In 12 games this month, Orlando Hudson is hitting .216/.225/.216. He's struck out 12 times and walked only once. He's grounded into three double plays and collected zero extra-base hits.
Normally I wouldn't put much thought into a short slump of this nature, especially since Hudson's month of August was quite good. Yet, I can't help but be reminded of the way his '09 campaign ended.
The second baseman had been a key contributor to the Dodgers' outstanding season. He was an All-Star, in fact. Yet, as the season winded down and Los Angeles nursed its lead in the NL West, Hudson increasingly started to find himself on the bench in favor of Ronnie Belliard. Hudson, who claimed to be perfectly healthy, was held out of the lineup several times in the final weeks of the season and then didn't start a single time in the playoffs. His team played eight postseason games and Hudson made a total of four plate appearances, all as a pinch-hitter.
The situation mystified everyone, including Dodgers fans. Joe Torre is one of the game's great managers, a man who has masterfully guided many teams through the playoffs and who has a solid reputation as a player's manager. He said little about the decision to bench Hudson, but surely one would think there was more to it than the fact that Belliard was riding a hot streak.
It would seem that Torre is not the only one with a rather low opinion of Hudson. It's taken the second baseman until February to get signed in both of the past two offseasons, and he was only able to come away with relatively inexpensive one-year deals while similarly productive counterparts signed more lucrative contracts.
There's a reason that Hudson fell in the Twins' lap late in this past offseason. Every other team had passed on him, despite the fact that he was an All-Star and Gold Glover last year.
For much of this season, it's been hard for me to understand why the league is so sour on Hudson, but the past few weeks have opened my eyes a bit. I don't really hold the low batting average against him, but it's evident from his horrendous K/BB ratio that Hudson's plate approach is in shambles. He looks lost in the batter's box and on Thursday night he made a foolish base running error that was emblematic of his late-season struggles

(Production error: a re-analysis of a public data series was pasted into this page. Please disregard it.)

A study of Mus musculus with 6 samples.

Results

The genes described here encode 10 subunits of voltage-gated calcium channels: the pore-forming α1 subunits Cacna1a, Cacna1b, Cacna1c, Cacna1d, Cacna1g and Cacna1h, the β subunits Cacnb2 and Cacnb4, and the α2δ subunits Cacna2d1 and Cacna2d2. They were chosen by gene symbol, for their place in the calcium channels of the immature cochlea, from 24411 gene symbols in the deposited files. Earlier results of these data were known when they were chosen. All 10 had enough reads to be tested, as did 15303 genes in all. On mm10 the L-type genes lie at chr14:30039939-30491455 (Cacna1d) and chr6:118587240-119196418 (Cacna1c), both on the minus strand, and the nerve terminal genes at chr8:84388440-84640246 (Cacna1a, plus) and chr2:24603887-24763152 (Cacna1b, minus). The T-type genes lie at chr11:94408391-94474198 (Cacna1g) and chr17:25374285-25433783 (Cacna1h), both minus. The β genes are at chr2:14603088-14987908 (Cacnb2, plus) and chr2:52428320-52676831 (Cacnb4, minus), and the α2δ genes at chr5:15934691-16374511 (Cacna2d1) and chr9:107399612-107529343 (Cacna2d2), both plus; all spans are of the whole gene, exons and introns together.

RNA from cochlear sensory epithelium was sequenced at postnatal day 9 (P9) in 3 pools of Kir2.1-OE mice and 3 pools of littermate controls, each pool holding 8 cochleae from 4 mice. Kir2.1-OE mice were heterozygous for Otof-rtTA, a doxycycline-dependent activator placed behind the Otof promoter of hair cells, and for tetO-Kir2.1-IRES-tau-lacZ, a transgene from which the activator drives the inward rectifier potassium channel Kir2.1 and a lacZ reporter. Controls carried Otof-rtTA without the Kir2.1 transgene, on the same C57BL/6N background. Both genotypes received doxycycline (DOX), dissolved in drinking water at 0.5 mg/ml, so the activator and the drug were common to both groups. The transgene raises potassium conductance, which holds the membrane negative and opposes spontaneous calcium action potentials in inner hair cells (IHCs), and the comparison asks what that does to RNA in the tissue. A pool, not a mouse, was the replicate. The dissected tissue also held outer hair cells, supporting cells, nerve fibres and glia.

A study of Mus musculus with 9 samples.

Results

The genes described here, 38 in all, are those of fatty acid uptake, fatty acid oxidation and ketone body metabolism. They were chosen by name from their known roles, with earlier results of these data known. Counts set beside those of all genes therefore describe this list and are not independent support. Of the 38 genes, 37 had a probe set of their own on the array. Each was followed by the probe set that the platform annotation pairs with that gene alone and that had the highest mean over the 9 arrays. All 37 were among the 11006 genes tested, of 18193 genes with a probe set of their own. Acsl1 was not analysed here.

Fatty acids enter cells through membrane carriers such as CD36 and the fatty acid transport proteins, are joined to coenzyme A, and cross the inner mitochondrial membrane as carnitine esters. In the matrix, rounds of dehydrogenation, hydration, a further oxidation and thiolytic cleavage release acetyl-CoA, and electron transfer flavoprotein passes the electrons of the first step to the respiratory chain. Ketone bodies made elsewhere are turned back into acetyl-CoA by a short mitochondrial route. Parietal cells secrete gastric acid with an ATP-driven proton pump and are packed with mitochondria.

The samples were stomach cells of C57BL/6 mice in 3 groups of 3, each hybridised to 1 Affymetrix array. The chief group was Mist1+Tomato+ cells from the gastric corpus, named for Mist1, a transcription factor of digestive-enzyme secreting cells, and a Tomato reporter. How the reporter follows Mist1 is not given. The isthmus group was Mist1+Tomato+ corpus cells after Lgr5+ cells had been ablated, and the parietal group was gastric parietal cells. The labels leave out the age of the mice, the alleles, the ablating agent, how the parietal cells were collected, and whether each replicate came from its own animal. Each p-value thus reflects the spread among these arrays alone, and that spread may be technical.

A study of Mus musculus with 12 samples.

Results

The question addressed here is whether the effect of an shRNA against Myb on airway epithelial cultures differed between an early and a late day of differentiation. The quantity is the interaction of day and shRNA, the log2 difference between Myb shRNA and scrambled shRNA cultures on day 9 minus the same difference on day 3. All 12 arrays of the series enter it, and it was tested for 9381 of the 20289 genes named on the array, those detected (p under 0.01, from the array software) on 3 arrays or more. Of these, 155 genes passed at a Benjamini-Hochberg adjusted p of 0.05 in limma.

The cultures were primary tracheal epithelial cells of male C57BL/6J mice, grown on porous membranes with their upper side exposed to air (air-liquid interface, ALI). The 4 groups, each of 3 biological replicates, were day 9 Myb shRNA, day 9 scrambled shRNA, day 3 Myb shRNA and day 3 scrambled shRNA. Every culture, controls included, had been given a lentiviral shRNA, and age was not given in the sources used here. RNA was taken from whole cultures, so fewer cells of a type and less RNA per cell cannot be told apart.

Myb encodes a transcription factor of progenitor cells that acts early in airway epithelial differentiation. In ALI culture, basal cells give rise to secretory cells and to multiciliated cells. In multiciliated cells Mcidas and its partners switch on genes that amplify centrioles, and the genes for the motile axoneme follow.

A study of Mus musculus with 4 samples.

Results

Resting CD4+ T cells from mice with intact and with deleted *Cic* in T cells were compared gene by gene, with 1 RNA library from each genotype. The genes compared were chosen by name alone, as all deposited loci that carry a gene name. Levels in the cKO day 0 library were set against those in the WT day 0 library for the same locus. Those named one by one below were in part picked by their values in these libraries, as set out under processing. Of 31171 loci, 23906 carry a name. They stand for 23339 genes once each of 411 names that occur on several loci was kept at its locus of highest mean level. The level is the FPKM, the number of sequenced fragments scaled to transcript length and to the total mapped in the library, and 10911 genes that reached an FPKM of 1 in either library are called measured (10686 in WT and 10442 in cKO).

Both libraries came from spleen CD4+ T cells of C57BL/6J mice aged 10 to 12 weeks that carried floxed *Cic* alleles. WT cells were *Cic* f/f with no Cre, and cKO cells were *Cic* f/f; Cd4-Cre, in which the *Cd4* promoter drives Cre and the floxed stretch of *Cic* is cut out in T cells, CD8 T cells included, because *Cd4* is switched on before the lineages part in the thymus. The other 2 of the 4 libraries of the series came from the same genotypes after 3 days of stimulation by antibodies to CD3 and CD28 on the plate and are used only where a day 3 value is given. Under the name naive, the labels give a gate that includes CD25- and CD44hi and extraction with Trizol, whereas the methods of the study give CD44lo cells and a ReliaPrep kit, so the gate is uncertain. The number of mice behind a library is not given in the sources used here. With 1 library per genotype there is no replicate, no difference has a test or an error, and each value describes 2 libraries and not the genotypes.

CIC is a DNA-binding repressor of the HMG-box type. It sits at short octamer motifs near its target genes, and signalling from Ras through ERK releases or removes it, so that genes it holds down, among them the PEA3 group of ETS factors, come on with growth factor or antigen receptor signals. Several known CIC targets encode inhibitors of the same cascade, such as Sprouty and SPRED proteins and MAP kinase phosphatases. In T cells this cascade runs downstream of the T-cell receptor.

What's more -- and I'm not the only one to have pointed this out -- is Hudson's demeanor in games. He hardly seems bothered by his failures. After striking out flailing at a low breaking pitch, Hudson grins as he walks back to the dugout. He showboats in the field, sometimes to a fault. Sometimes he seems more friendly with members of the other team than his own teammates. For a competitive guy like Torre, I think that's a turnoff.
And judging by the difficulty Hudson has had finding a job over the past couple offseasons, I wonder whether those kinds of things have contributed to a bad reputation. It's certainly not his performance that's been keeping him unemployed until February each year.
To be clear, Hudson was still a great addition and his production over the course of the season is a big part of the reason that the Twins are where they are. And they're playing well enough right now as a team that his late-season disappearance doesn't matter all that much.
I just hope he wakes up in time for the playoffs.